We are in the midst of one of the biggest events in the history of the Lord’s Resistance Army (LRA) over 30 year campaign of violence.
In April, two LRA splinter groups in eastern CAR entered into demobilization negotiations with authorities. Both groups began handing over some of their weapons as a first step toward the full disarmament of their groups. This means that up to 250 children, women, and men in these groups could be coming out of the LRA very soon. This would be the largest LRA demobilization since Invisible Children was founded. And it is in large part thanks to the bravery of local community groups, trained by Invisible Children, that have led to this moment.
What’s the backstory?
Two LRA splinter groups have been operating along the border between the Central African Republic (CAR) and the Democratic Republic of Congo (DRC), led by commanders named Achaye Doctor and Owila. Both commanders were formerly loyal to LRA leader Joseph Kony, but have broken away from his command and have been acting independently for several years.
In early 2021, local communities began engaging these LRA splinter groups in an effort to reduce attacks on local communities. Community leaders initiated trust building measures such as allowing children from Achaye Doctor’s LRA group to attend local schools and allowing LRA members access to local markets.
In February of this year, a coalition of actors began formal demobilization negotiations with LRA leadership from both splinter groups. Invisible Children-supported Peace Committees were critical in spearheading these grassroots efforts. As the conversations progressed, the Invisible Children team in CAR began working in partnership with the demobilization delegation, including local authorities and other security actors to encourage these two splinter groups to peacefully surrender. In mid-April, representatives from both LRA groups turned over their weapons and promised to demobilize in separate ceremonies in eastern CAR.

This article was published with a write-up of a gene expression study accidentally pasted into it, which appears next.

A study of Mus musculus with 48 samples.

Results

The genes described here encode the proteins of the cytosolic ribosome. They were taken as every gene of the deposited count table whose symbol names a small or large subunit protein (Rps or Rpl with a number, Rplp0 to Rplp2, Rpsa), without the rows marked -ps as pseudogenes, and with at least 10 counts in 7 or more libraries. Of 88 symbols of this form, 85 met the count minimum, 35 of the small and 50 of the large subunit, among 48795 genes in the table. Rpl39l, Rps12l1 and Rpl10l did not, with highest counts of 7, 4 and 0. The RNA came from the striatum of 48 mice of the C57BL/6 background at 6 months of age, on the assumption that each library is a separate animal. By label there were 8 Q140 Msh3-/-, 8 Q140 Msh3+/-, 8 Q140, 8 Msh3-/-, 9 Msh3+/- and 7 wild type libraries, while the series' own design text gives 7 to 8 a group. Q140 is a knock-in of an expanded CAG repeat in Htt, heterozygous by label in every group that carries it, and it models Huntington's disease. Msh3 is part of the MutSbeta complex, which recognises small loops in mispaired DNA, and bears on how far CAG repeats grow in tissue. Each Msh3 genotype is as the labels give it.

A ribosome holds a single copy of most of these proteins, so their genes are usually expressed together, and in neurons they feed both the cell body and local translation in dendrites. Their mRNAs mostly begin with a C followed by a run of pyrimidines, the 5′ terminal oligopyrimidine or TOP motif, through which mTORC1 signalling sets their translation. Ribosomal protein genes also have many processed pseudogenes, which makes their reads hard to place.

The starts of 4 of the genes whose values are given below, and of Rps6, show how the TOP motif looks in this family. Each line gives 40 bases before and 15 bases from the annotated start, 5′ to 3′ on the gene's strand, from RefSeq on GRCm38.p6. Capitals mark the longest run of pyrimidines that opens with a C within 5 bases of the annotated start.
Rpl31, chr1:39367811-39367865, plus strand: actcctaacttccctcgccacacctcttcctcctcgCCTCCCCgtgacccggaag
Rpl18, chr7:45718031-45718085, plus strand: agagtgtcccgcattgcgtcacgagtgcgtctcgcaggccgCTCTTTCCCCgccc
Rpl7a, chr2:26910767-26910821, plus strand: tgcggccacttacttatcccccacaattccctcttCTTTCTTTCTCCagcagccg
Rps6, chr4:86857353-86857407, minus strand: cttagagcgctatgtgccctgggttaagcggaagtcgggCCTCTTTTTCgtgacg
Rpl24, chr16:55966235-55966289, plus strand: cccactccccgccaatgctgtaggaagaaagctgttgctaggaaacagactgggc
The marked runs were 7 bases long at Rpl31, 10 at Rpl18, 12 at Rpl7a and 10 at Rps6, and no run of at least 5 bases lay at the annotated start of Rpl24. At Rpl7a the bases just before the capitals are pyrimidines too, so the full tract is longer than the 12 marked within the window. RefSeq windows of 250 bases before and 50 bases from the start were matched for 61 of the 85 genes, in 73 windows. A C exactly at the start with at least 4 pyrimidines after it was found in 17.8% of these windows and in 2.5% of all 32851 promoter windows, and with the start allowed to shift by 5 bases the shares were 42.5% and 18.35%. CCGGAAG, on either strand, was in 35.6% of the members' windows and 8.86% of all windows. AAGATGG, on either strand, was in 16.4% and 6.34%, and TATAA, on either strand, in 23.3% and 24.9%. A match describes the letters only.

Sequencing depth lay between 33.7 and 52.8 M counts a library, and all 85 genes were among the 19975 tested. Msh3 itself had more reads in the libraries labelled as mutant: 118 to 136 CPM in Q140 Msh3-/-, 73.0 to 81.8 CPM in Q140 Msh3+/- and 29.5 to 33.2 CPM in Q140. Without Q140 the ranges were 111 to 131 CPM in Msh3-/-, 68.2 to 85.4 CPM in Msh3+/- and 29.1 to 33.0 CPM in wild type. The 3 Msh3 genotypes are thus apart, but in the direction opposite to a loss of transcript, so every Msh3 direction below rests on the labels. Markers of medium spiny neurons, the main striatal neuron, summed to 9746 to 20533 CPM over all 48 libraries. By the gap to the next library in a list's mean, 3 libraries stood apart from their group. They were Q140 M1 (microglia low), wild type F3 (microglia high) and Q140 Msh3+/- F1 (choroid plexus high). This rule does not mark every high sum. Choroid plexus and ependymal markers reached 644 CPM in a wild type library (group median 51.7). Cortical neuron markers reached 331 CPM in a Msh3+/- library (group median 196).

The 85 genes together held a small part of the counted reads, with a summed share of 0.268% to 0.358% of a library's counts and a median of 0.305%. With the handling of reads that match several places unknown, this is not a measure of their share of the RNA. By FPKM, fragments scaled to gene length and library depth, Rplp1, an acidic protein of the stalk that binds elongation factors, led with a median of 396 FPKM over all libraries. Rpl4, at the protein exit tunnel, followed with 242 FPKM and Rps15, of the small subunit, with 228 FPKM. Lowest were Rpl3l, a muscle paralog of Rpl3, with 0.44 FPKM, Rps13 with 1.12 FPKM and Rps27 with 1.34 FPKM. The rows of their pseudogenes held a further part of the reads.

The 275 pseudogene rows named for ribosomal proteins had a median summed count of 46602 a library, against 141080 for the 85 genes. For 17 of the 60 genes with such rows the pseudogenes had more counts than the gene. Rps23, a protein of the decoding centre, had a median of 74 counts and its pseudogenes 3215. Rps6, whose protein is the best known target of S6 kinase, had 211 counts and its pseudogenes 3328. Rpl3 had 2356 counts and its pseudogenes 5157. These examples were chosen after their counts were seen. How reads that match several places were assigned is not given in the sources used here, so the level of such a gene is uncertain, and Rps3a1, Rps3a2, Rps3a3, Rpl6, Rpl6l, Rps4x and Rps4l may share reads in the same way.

What’s happening now?
Negotiations are trending positively, but there’s still a long way to go.
While Achaye and other LRA combatants surrendered their weapons, the groups are still well-armed and staying at their camps. They are conditioning their full demobilization on several things that will require challenging negotiations dealing with issues surrounding repatriation, LRA’s desire to resettle with their “wives” and “families”, and fear of prosecution.
What does this mean for peace in central Africa?
The disarmament and demobilization of the Achaye and Owila LRA factions would drastically improve security for communities in CAR and DRC that have been plagued by LRA violence for the past 15 years. It would allow hundreds of men, women, and children who had been abducted by the armed group to be reunited with their families.
How can you help?
First, it is because of supporters like you that we have been able to expand our Peace Committee Development program across central Africa including to those communities that engaged Achaye and Owila’s LRA groups. You enabled the trainings and resourcing that helped lead to this moment. Thank you.
But we can’t slow down now. We need your help to bring the children, women, and men in these LRA groups and others home.
There are three key activities Invisible Children is urgently working on right now:
+ We are supporting Invisible Children-trained Peace Committees through negotiations with the LRA groups.
+ Invisible Children staff in CAR are working in the two LRA camps to registering women and children to prepare for their release.
+ We are preparing for the needs of up to 250 LRA escapees including safe temporary housing, locating families, transport home, and basic personal needs that we include in “welcome home kits.”
We’ve set a goal to raise $10,000 between now and July 31 so that we can ensure that LRA captives are set free and have the support and resources they need to reunite with their families and begin to heal. Your gift today will help make it possible.
We will continue to publish updates and how you can help here as the situation progresses.